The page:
Initially this brief narrow street doesn't look promising. It peels off from Blackfriars Road between office blocks, a few minutes south of Southwark station. The first office block has been named One Valentine Place, in that numerical way developers have of making somewhere sound much more important than it really is. As yet they've not been fully successful in letting Three Valentine Place, which goes to show. But look to the left of the bored security guard at the front desk, and a lush courtyard behind an iron gate drops hints that something else is going on.
What lies ahead is the Valentine Place conservation area, rapidly knocked up by Southwark council when it looked like the Maltina bakery building was about to be knocked down. Various former industrial buildings line the street, faced in attractive yellow brick, with a bollarded alley bearing off to add additional character. But on the southern side it's only a facade, and what now lies behind is a luxury development of apartments and duplexes focused around a communal garden. "The perfect location" trilled the brochure, hence the £¾m+ pricetag, but residents can walk to Waterloo station in five minutes so that's their commute nullified.
Perhaps unsurprisingly, Valentine Row leads off from Valentine Place. At the end of the 18th century it led diagonally off the main road, but was later nudged back behind a new row of shops and so become an insignificant alley. When the bakery site was reimagined a few years ago the developers thought this would be the ideal spot for five mews houses, very much of the modern vernacular, and stuck each on the market for a fiver less than two million. Residents now enjoy three-storey luxury in spacious Sonos-wired rooms, and a tiny front garden scattered with gravel, although the view across the street is of the back of a car park, which I see the marketing entirely failed to mention.
For a very different street, head to Hackney, whose Valentine Road is a single thread of the dense Victorian neighbourhood between Homerton High Street and Victoria Park. Up one end is Well Street, home to the street market where Tesco started, and at the other end a pub once voted the Most Loved in London. Some of the houses are postwar flats, but the majority form uninterrupted flat-roofed terraces, with bay windows downstairs and tiled steps leading up the front door. This is a neighbourhood on the rise, but not yet gentrified beyond repair.
All the commercial life is at the western end, kicking off with a pizzeria with a smartly branded red neon sign. Time Out's readers are less likely to find Step N Toe Shoe Repairs, whose signage promises mundane stuff about heels and keys, but whose window is packed with handbags and leather goods. Valentine Road also has a carpet and wood flooring warehouse, called Carpet & Wood Flooring Warehouse, which helps keep the horizontal surfaces of E9 in trim. Oh, and the number 26 bus passes through, one-way only, picking up passengers from the street's very own Bus Stop M.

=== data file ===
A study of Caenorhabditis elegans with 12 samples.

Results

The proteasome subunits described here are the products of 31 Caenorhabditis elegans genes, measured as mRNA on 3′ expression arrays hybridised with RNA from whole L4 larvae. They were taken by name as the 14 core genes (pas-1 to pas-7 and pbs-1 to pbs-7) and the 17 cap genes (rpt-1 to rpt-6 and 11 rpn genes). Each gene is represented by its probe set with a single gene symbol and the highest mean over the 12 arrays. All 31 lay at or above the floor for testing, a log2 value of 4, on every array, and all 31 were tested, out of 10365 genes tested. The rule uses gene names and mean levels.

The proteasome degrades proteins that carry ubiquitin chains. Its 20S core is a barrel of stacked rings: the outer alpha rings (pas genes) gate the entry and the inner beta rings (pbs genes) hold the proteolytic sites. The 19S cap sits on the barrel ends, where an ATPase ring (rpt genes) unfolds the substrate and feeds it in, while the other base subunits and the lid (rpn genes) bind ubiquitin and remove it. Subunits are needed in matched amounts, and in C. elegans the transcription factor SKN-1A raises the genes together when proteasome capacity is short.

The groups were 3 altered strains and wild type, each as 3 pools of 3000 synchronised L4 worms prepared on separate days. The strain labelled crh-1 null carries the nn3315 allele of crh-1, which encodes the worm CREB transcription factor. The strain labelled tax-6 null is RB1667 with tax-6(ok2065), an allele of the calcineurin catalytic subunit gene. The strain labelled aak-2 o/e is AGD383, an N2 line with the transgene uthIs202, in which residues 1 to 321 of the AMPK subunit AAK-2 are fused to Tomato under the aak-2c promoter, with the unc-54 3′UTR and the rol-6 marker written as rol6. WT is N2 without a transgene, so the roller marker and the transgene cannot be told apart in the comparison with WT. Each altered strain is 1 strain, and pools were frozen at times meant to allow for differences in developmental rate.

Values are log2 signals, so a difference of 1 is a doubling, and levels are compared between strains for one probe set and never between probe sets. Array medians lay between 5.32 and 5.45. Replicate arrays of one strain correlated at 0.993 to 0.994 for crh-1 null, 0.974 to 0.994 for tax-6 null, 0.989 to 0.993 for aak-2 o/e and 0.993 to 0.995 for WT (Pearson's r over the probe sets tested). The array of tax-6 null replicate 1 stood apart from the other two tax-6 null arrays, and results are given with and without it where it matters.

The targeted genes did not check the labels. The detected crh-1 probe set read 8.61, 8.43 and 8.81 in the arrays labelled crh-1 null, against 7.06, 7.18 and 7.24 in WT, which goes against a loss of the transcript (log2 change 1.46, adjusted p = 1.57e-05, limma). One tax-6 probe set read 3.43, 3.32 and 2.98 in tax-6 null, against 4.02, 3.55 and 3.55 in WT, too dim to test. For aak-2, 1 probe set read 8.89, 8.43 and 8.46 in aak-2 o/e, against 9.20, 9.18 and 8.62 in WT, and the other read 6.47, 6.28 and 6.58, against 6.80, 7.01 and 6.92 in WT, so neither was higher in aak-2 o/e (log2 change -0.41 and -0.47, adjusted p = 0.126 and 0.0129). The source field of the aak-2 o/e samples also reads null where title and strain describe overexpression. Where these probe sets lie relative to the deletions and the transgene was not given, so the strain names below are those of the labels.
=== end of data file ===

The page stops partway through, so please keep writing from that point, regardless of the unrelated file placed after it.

The Victorian estate to the north of Ilford High Road, with streets named after Prime Ministers and outposts of empire, is more aspirational than the terraced grid to the south. Valentines Road is the last avenue before the park, about ten minutes from the shops, and far enough away to be ever so quiet. One end starts with a wiggle round what used to be the parish church, but which was knocked down in 1977 and is now flats. As an indication of how things change the former church hall has become the dominant building, and is now a thriving evangelical place of worship, as well as being home to the Redbridge Foodbank.
Because they're all joined together it's not immediately obvious that Valentines Road has large houses, but these are proper doctor's-surgery-sized, each with a central hallway and living rooms to either side. Some still have genteel names (for example Lakeside, The Elms or Watergate), while the remaining plaques are long scrubbed away. The width of the roadway gives a feeling of space, and the sequence of front gardens is never so pristine that you'd ever mistake this for Putney. One of the last buildings before the mini-roundabout is a care home, and then there's a footpath into the park, which obviously is called...
Valentines Park is huge, and the recreational centrepiece of the borough of Redbridge. It's what remains of the estate of a country house called Valentines, which helps explain the ornamental lake and walled garden at the northern end. A lot of the remainder is sports pitches and recreational space, but there's also a boating lake, a bandstand and twoeconomicallyindependent cafes. On a miserable day in February, I reckoned there were more people in the cafes than across the remaining 130 acres.
And Valentines Mansion still stands, a restored 17th century abode reopened to the public on Valentine's Day 2009. It's part museum, part artists' studios and part 'large building the council hope you'd like to hire', which perhaps helps explain why the second series of the Great British Bake Off was filmed on its lawns. Normally it only opens on Tuesdays and Sundays, but in school holidays they do Mondays and Wednesdays too, which is ideal if you fancied a Valentines visit today. Better here than any of the other streets I've been writing about, that's for sure.